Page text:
Modding an RC transmitter to support lithium batteries


From time to time with a few friends we play with these RC cars but the problem is always the same : the transmitters require 4 AA-sized batteries. Since we have 4 cars, it means we need to find 16 charged AA batteries before going outside. It often takes much more time to find and test them as the time required to charge the cars themselves! This made me wonder if it would be possible to replace them with a set of USB-rechargeable lithium batteries that are more easily available and easier/faster to charge.

Hardware inspection

The transmitters look like this (outside and battery holder) :

After removing the 7 screws holding the two sides together, the internal board is accessible. Following the wires with a multi-meter shows that the jack plug is connected to the battery through a diode, and that the battery directly connects to this small LDO voltage regulator through the power switch :

The marking "CA33G" indicates an AIC1734 LDO voltage regulator providing 3.3V from up to 12V in. It is said to feature only a 250mV drop at 300mA. I tried with an adjustable power supply and found that the board consumes only 61mA and that the regulator provides 3.3V starting with 3.44V in (144mV drop only). Better, this voltage drop is maintained for lower input voltages and the board seems to work fine down to 2.5V!

Thus I don't need these 4.8-6V input. Using a single lithium battery from 3.5 to 4.2V will be far more than enough. No need for any DC-DC converter either. And given the low power draw, a small one is usable so that I don't have to modify the battery holder.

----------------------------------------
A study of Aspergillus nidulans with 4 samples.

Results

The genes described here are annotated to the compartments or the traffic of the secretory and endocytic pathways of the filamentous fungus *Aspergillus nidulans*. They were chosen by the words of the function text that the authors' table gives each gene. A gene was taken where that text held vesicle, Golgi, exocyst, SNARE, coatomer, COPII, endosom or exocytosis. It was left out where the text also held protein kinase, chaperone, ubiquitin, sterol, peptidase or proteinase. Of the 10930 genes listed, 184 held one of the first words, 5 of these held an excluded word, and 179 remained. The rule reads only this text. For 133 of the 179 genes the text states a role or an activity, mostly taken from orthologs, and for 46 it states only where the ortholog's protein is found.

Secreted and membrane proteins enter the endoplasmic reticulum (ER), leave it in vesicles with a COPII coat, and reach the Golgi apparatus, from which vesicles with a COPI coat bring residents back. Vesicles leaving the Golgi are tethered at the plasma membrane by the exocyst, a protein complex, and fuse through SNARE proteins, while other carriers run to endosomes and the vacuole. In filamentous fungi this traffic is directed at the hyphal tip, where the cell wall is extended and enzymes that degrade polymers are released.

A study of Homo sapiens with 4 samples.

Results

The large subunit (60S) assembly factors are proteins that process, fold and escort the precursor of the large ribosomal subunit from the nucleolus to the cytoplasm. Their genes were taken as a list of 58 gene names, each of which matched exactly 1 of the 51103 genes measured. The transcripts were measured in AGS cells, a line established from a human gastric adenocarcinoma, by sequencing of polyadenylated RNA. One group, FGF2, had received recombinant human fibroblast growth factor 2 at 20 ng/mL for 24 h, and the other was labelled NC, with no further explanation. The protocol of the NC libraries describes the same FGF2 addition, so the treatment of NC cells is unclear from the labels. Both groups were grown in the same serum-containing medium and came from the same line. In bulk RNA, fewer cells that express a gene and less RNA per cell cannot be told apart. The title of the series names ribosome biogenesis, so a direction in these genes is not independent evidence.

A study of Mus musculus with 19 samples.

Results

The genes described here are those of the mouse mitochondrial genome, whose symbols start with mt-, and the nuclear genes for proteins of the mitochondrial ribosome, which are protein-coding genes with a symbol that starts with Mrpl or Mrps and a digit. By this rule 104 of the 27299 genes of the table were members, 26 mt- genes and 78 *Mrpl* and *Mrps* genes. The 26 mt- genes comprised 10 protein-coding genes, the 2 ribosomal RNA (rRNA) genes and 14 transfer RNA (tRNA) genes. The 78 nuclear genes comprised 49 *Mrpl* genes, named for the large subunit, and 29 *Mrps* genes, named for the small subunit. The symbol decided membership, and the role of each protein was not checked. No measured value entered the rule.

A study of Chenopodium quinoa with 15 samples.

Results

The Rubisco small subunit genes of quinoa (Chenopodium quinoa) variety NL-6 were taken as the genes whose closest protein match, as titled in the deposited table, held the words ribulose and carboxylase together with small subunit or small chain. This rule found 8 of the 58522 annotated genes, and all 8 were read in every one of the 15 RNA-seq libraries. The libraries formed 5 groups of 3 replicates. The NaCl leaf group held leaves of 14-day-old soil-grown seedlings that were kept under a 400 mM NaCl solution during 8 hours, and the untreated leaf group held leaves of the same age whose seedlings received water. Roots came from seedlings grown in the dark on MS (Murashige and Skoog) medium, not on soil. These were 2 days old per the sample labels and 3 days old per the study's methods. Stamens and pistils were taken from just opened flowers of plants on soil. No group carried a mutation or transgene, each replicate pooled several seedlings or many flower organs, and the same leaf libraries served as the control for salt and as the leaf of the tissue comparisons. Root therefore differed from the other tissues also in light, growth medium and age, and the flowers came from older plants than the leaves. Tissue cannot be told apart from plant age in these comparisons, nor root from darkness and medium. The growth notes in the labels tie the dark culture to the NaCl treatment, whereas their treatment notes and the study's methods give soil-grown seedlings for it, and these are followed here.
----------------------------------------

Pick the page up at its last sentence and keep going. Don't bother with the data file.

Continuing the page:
I decided to go with some salvaged cellphone batteries. The one photographed here is a BL-5B with a capacity of 890mAh. It includes discharge protection. I simply had to glue a small dirt cheap USB lithium battery charging board to it (you can have 3 of them shipped for less than $1). Then just solder it to the battery connection pads with hanging wires slightly longer than the battery itself. I measured the self-discharge caused by the charging board, it's around one micro-amp so it will need 100 years to discharge the battery. This saves me from having to install switches or connectors.

It is necessary to put some solder tin on the pads before soldering the wires in order to reduce the total heating time and prevent the plastic around from melting. But that's really all. Oh, and of course, it works :-)

I closed everything, installed the battery inside a small plastic bubble protection bag to save it from moving inside, and I can now quickly charge it simply by opening the battery holder and connecting a micro-USB connector to the battery.

Final note

A small note, the charger used above provides 1A by default, some are sold pre-configured to 500mA (just need to change the 1.2k resistor). It's better not to charge small batteries to strongly or they will not last long. Also the charger will stop around 10% of the configured load, which could be reached much earlier than a full charge for smaller batteries. I've already patched two transmitters this way with batteries I had in stock. For next ones I'll probably use 250mAh batteries made for mini-quadcopters, which will provide 4 hours of operation and support being charged in only 20 minutes.